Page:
Many Austin home buyers are afraid of getting pre-approved for a mortgage loan too early for fear it will hurt their credit score. Are these fears unfounded? The short answer is yes.
Getting Pre-Approved Does Not Hurt Your Credit Score
Getting pre-approved should be the first step in the home buying process and should come before you start seriously looking at homes. The credit reporting bureaus and agencies understand people must get pre-approved for a mortgage loan before they buy a home. Its also very normal for several months to go by from when a buyer gets pre-approved to when they find the house they want to buy. Though pre-approvals impact each person’s credit score differently, its usually not more than a couple of points.
Bottom line – no matter how confident you are in your credit score, income and savings, get a genuine pre-approved first.
When Pre-Approvals Hurt Your Credit Score
When we say pre-approvals don’t hurt your credit score, we are assuming you’ve visited a select few mortgage lenders in a 2 week period. The credit reporting agencies will give you a 2 week (or so) period to run your credit for one type of loan with a few different banks/lenders and it will only count as one inquiry. What you want to do is lump all of them together in a short period of time. Don’t apply for a mortgage loan with a different lender every other week for the next 6 months, cause that will raise some red flags.
Speak to a few mortgage lenders (credit union, mortgage broker, mortgage banker) and select the person and/or loan program that suits your needs best. Then, have that person complete the pre-approval and run your credit. When buying a home, it’s important to have a person you can call and ask questions or seek advice.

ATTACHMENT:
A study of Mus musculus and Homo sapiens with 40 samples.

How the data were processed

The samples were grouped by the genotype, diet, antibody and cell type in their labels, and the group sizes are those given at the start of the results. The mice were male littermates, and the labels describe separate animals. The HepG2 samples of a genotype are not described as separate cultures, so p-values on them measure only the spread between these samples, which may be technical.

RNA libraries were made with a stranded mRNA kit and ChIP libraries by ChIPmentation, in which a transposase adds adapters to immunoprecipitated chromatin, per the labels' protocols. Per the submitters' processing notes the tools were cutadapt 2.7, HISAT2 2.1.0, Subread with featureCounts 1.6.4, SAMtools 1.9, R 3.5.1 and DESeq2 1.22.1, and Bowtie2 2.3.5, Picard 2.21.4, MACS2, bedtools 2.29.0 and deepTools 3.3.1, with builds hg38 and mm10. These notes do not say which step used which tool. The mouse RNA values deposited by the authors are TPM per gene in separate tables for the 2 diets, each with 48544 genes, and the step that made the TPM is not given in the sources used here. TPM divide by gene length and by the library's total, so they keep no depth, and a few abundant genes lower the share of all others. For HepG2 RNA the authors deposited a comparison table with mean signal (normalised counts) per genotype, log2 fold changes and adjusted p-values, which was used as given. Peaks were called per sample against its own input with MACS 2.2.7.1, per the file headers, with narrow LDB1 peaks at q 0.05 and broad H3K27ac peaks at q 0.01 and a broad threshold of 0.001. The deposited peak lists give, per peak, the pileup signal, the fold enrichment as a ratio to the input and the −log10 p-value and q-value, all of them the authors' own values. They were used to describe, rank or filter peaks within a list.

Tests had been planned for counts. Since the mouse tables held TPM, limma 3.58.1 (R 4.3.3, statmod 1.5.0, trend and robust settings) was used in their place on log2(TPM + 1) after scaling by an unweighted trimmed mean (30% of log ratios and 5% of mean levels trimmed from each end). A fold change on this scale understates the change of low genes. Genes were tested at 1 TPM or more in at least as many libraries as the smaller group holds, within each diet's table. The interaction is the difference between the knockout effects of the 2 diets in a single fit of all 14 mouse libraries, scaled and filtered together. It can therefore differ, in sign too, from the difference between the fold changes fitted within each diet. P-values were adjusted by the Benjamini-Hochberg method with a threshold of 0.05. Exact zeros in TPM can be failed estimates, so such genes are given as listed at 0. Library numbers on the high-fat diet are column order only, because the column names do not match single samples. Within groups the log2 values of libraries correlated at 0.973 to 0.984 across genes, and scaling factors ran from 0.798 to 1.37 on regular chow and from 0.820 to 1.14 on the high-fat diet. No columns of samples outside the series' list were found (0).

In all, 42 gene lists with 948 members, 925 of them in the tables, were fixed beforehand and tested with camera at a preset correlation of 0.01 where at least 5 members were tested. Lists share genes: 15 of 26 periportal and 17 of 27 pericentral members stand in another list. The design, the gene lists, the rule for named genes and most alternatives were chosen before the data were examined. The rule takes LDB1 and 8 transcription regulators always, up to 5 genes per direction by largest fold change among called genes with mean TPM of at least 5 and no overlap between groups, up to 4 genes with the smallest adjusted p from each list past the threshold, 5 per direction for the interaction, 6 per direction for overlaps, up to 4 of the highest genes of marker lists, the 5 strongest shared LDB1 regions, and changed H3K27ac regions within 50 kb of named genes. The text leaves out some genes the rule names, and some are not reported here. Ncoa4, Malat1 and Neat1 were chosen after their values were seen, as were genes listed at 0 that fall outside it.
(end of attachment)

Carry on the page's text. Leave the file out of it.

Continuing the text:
My Pre-Approval Is Only Good for 90 Days?
Technically a pre-approval is good for a certain number of days, usually around 90. But, when the pre-approval expires, it doesn’t mean you are starting from square one. All you’ll need to do is submit updated W-2’s, paystubs, income statements and other supporting documentation and you should be good to go. That is, as long as you haven’t gone on any major shopping sprees or gotten yourself into a lot more debt. Submitting updated paperwork is much easier, and takes much less time, than getting a pre-approval from the beginning.
Waiting to Get Pre-Approved Could Cause You to Lose the House You Want
Even after reading this post, I’m sure there are still those of you who say your credit is great, you have a steady source of income and you’ll easily get approved for a loan. This may in fact be the case. However, keep in mind a pre-approval could take a week (or more) to get together. In neighborhoods where homes are selling quickly, this could mean the difference in you getting the house you want versus losing out to another buyer.
Plus, if you have mistakes on your credit report, those can take some time to remedy, even if they are mistakes. Getting pre-approved early will allow you time to correct any discrepancies and recalculate your score. (HINT: Free Online Credit Reports are not as detailed as credit reports run for mortgage loans. Getting your credit report online may not show enough for you to rule out mistakes.)
Considering Foreclosures? Pre-Approvals Are a Must
If you’re considering purchasing Austin foreclosures and bank owned homes, pre-approvals are a requirement to make an offer. Without a genuine pre-approval, your offer will be thrown in the trash. Banks only want to deal with serious buyers, not looky loos. A genuine pre-approval is as good as cash and shows your offer should be taken seriously.
Considering Buying a Home in Austin?
Having helped many many buyers over our combined 58+ years of experience, we know the tricks to make your home purchase as stress free as possible. Plus, we also know how to craft and negotiate competitive offers to save you money. For more about our team of experienced buyer’s agents, check out our Austin Home Buyers section. Then, fill out our Buyer Survey, email us at info@11OaksRealty.com or call us at (512) 827-8323 to schedule a no obligation consultation.